SQLstream release 2.0 hit the streets today. It’s actually our third release, but it’s the first one we’ve made a fuss about. Since release 1.1, we have hardened the product at customer deployments, introduced 64 bit support to allow larger working memory, and added two major SQL extensions: streaming aggregation and user-defined transforms.

Streaming aggregation adds support for the GROUP BY construct to streaming SQL, and allows us to compute totals on a periodic basis, for example computing hourly subtotals. SQLstream acts as a continuously operating conduit between operational systems and the data warehouse, replacing the traditional batch-based ETL process and populating the fact table and aggregate tables simultaneously. This gives us a natural synergy with my other project, the Mondrian OLAP engine, and we have been getting good take-up among Pentaho’s customers.

Streaming aggregation builds on relational operators in SQLstream 1.1 such as joins, windowed aggregations and unions. Those relational operators allowed you to build queries such as fraud detection, looking for anamolous rows in real time. Those were ‘needle in the haystack’ kinds of problem, and the new features also allow you to do build a high-performance ‘water main’ between your operational system and data warehouse.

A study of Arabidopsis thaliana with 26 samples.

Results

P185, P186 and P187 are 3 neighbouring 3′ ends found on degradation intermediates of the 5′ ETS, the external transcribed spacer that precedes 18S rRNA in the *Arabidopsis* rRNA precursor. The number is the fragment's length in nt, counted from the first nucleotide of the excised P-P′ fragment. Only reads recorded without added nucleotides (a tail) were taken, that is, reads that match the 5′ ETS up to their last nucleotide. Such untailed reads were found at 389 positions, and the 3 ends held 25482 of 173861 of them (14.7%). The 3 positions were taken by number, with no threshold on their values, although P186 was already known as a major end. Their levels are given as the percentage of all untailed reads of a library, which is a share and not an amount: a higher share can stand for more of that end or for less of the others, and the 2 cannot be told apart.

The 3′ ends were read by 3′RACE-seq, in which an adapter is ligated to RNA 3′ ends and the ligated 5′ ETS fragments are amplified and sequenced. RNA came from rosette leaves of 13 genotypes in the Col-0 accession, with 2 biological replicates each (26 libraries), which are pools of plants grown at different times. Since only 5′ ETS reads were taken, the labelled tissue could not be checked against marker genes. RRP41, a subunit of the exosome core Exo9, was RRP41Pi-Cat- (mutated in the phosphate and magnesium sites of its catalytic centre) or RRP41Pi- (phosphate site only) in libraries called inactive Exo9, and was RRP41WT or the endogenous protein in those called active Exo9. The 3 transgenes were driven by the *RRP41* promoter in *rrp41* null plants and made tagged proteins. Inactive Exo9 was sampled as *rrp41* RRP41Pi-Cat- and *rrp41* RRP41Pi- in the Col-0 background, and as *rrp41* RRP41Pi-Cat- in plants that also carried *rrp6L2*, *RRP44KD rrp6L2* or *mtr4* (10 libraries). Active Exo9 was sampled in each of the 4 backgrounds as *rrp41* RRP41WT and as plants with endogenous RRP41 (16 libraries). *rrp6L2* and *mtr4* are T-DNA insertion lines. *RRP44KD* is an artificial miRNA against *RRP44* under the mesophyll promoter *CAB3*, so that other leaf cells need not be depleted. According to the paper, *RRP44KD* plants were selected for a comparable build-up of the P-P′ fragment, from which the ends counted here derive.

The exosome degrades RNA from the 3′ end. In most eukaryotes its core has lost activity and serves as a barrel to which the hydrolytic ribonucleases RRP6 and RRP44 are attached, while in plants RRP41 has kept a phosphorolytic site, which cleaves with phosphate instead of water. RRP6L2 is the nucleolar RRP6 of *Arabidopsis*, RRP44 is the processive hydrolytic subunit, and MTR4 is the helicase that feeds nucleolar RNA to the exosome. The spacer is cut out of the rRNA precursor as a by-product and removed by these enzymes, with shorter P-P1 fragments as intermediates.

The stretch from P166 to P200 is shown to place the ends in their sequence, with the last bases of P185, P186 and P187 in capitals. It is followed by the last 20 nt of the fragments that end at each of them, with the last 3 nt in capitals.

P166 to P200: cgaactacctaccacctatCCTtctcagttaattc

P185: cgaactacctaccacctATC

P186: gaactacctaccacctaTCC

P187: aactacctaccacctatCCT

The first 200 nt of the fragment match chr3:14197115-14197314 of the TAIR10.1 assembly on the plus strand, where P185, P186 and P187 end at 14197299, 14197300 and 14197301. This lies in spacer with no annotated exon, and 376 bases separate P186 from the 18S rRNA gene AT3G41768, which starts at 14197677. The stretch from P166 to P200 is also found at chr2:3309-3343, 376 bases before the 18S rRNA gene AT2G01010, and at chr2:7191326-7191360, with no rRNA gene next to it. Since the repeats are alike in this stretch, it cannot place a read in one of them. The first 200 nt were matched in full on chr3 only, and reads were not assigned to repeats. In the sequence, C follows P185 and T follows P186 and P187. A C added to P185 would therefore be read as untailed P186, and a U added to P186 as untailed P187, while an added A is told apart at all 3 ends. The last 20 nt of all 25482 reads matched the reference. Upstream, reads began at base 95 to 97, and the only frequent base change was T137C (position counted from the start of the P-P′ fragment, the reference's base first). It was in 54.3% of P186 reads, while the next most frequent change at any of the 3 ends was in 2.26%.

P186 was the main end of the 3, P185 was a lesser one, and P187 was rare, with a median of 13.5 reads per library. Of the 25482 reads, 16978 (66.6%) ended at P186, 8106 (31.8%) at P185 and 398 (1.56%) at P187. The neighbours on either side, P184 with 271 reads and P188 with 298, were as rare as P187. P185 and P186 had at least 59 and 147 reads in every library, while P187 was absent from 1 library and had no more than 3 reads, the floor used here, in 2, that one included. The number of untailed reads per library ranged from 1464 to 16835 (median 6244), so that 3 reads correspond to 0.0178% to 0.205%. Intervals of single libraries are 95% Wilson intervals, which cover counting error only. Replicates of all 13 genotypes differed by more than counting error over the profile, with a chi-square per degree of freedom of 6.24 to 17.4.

User-defined transforms allow you to define new relational operators in Java and incorporate them into streaming SQL statements. SQLstream 1.1 had user-defined functions, to allow you to compute scalar quantities in Java, and syntactically, user-defined transforms are simply functions that have JDBC ResultSets and PreparedStatements as parameters. If a function has a PreparedStatement as a parameter, SQLstream lets you include it in the FROM clause of a SQL statement as a data source, alongside regular streams, tables, and views. Similarly, if a function has a ResultSet as a parameter, then you can pass in a cursor based on a SELECT statement as an argument.

User-defined transforms are an excellent example of our ongoing collaboration with the open-source Eigenbase project. User-defined transforms were originally developed for LucidDB to operate on traditional stored relational data, with SQL:2003-compliant syntax, and we extended them to handle streaming relational data, but keeping the syntax the same. For more about user-defined transforms in LucidDB, see the excellent documentation at Eigenbase.

Release 2.0 is a major milestone for SQLstream, and is the culmination of several years of development. It allows you to tackle in industry-standard SQL some application areas that previously required guile and custom coding. Go to www.sqlstream.com and see whether there is a fit with your real-time BI application.